Finance minister Tendai Biti says the deadlock in the inclusive government concerning when the country would hold elections is stalling efforts to clear a $7 billion international debt.

Zimbabwe is currently labouring under a large debt burden.

The accumulation of arrears and inability to service debt has denied the country access to funding and lines of credit from the international financial institutions, as well as bilateral and commercial creditors.

Biti said the inclusive government last year approved a payment plan to clear arrears of about $1,3 billion to the International Monetary Fund, the African Development Bank and the World Bank, a development that would pave the way for the resumption of credit lines.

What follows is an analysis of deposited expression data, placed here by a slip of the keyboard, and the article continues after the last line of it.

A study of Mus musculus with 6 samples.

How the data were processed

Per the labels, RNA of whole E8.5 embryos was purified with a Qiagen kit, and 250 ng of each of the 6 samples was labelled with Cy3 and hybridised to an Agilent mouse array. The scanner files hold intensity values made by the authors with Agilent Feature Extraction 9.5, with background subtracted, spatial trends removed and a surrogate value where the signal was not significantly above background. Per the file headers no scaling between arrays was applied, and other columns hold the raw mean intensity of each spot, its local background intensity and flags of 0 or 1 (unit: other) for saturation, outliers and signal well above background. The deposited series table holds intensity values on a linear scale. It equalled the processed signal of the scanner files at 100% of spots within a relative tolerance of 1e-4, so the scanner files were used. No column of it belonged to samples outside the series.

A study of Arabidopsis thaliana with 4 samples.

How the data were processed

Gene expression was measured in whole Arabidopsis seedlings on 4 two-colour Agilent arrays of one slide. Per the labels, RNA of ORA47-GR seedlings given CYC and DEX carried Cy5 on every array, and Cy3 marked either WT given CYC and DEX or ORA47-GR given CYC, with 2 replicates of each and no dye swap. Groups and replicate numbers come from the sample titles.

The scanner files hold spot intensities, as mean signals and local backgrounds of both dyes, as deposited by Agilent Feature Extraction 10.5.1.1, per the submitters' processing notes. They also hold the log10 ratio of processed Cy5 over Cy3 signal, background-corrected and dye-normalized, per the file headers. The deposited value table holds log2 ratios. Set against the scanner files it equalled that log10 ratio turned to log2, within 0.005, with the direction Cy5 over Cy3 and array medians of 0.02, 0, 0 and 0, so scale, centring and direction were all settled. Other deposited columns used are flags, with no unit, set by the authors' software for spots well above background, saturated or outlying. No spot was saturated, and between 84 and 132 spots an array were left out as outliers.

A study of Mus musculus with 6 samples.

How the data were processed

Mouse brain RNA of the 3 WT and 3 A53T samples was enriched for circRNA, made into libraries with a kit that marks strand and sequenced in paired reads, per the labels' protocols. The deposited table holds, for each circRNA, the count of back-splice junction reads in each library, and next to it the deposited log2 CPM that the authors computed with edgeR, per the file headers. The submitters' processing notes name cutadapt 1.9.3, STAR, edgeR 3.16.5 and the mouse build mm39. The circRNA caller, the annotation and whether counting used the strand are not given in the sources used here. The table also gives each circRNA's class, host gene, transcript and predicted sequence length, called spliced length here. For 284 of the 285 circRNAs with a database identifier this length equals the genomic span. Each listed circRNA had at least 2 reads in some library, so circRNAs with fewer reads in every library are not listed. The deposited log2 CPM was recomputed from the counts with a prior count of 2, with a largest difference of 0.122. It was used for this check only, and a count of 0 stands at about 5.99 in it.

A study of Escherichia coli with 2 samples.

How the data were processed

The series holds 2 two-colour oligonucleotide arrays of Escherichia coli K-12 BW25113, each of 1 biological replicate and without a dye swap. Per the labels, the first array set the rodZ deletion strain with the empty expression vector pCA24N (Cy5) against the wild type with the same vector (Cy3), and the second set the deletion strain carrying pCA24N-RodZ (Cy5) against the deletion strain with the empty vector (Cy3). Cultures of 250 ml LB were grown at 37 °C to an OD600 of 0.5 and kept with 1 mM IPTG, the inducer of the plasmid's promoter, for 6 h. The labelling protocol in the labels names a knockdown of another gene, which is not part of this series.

“Our plan to deal with the question of debt is behind schedule. A lot of friends have to come on board if we are to succeed. We are worried about recent political developments,” Biti told the international media on Wednesday on the sidelines of an African Development Bank (AfDB) meeting in Lisbon.

President Robert Mugabe and his Zanu PF want elections this year while Prime Minister Morgan Tsvangirai insists the economy was still fragile to support such a process.

Biti however remained bullish and insisted the country’s economy would grow by 9,3% this year way above the average growth for the continent projected at 7,8% and 5,4% in 2012.

“We are going to rebound strongly on the back of a strong agricultural performance,” Biti said. “My biggest fear is that the political noises that have been coming up will have a debilitating effect on the economy.”

AfDB resident representative Mahamudu Bawumia early this year said clearance of arrears was key for the country to access potentially large amounts of financing, including from the AfDB for its development efforts.